Edited by two renowned medicinal chemists who have pioneered the development of personalized therapies in their respective fields, this authoritative analysis of what is already possible is the first of its kind, and the only one to focus on drug development issues.
Numerous case studies from the first generation of "personalized drugs" are presented, highlighting the challenges and opportunities for pharmaceutical development. While the majority of these examples are taken from the field of cancer treatment, other key emerging areas, such as neurosciences and inflammation, are also covered.
With its careful balance of current and future approaches, this handbook is a prime knowledge source for every drug developer, and one that will remain up to date for some time to come.
From the content:
* Discovery of Predictive Biomarkers for Anticancer Drugs
* Discovery and Development of Vemurafenib
* Targeting Basal-Cell Carcinoma
* G-Quadruplexes as Therapeutic Targets in Cancer
* From Human Genetics to Drug Candidates: An Industrial Perspective on LRRK2 Inhibition as a Treatment for Parkinson's Disease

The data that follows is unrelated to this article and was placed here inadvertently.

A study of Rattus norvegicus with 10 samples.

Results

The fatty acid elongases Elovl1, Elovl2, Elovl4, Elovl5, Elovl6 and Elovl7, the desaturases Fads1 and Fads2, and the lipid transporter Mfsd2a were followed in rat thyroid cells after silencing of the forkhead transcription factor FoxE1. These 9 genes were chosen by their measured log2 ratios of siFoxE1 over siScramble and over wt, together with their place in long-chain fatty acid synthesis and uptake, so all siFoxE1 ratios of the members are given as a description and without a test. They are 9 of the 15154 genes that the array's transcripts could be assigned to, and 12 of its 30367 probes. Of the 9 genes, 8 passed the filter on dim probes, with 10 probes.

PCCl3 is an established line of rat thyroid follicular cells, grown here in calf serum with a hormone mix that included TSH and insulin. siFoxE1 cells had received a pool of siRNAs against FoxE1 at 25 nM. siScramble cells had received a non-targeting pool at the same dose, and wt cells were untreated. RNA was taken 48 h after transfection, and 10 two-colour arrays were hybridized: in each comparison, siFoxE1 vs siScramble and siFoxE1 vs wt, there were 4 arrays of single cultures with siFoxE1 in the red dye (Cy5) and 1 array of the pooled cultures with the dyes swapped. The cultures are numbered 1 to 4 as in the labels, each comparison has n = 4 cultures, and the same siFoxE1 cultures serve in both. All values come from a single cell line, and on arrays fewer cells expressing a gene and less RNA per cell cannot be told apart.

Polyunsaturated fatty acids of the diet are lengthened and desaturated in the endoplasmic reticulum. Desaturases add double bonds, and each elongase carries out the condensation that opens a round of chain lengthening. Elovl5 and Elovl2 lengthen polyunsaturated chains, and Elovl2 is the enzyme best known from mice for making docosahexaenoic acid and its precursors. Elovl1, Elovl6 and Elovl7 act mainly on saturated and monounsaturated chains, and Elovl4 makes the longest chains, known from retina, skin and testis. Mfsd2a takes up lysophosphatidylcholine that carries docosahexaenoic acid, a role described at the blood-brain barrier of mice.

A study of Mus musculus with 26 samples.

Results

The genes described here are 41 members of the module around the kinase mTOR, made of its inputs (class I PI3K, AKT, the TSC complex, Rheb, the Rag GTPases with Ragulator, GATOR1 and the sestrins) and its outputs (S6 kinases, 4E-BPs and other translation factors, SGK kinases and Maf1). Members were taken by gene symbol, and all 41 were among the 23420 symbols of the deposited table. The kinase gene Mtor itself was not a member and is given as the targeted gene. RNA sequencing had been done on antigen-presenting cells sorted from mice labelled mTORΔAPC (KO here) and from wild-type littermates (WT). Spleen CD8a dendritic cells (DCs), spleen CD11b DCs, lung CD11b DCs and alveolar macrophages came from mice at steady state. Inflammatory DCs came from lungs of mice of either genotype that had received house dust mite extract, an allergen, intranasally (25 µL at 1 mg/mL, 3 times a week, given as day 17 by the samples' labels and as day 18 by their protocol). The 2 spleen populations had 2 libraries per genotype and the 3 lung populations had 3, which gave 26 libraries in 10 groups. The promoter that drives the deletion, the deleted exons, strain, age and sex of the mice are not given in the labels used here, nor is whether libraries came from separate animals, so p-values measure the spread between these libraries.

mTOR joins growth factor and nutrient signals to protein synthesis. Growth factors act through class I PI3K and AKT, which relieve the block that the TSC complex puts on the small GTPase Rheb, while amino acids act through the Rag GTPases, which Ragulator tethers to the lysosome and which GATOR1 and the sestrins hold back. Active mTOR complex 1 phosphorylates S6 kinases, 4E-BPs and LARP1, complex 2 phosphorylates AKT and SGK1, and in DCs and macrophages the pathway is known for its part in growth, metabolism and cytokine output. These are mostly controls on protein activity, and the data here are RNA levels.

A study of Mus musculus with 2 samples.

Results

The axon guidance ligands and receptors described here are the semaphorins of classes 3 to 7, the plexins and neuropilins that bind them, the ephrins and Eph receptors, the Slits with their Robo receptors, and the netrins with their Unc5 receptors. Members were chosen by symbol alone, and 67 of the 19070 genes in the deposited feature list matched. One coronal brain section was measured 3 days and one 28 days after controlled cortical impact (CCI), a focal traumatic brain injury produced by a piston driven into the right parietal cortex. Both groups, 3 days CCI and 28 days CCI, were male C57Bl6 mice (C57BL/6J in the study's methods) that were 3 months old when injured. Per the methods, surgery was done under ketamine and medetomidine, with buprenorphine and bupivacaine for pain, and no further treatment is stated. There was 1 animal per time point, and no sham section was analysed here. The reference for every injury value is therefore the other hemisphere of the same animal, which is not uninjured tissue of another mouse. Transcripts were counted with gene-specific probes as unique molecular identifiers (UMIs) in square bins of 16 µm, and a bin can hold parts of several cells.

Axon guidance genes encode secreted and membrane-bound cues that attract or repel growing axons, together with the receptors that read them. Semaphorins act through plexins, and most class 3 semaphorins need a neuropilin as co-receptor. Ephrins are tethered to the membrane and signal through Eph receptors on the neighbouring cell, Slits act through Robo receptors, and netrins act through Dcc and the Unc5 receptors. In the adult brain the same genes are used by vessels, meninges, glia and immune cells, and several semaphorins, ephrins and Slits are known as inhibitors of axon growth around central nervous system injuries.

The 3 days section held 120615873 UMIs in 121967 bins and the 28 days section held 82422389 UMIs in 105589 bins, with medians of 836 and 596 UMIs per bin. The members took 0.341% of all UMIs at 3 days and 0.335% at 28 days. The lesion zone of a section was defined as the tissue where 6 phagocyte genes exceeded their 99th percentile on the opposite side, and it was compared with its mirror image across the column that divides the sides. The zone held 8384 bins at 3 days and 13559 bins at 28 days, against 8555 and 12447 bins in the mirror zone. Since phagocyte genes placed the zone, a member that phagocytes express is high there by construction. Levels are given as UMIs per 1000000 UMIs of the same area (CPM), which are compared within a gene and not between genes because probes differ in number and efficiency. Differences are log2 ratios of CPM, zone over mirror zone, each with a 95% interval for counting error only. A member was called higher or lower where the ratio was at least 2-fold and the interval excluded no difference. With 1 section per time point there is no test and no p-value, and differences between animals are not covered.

* Therapeutic Potential of Kinases in Asthma
* DNA Damage Repair Pathways and Synthetic Lethality
* Medicinal Chemistry in the Context of the Human Genome
and many more
|Series:||Methods and Principles in Medicinal Chemistry , #59|
|Sold by:||Barnes & Noble|
|File size:||6 MB|
About the Author
Bruce Roth is currently Vice President of Discovery Chemistry in Genentech Research and Early Development at South San Francisco (USA). Prior to joining Genentech in 2007, he was Vice President of Discovery Chemistry at the Pfizer Global Research and Development Ann Arbor site. Bruce began his career as a medicinal chemist at Warner-Lambert, Parke-Davis in 1982 and is best known as the inventor of Lipitor (atorvastatin calcium), for which he has received numerous awards, including the 2003 American Chemical Society Award for Creative Invention, the 2003 Gustavus J. Esselen Award and the 2013 Perkin Medal. In 2008 he was named one of the American Chemical Society's Heroes in Chemistry.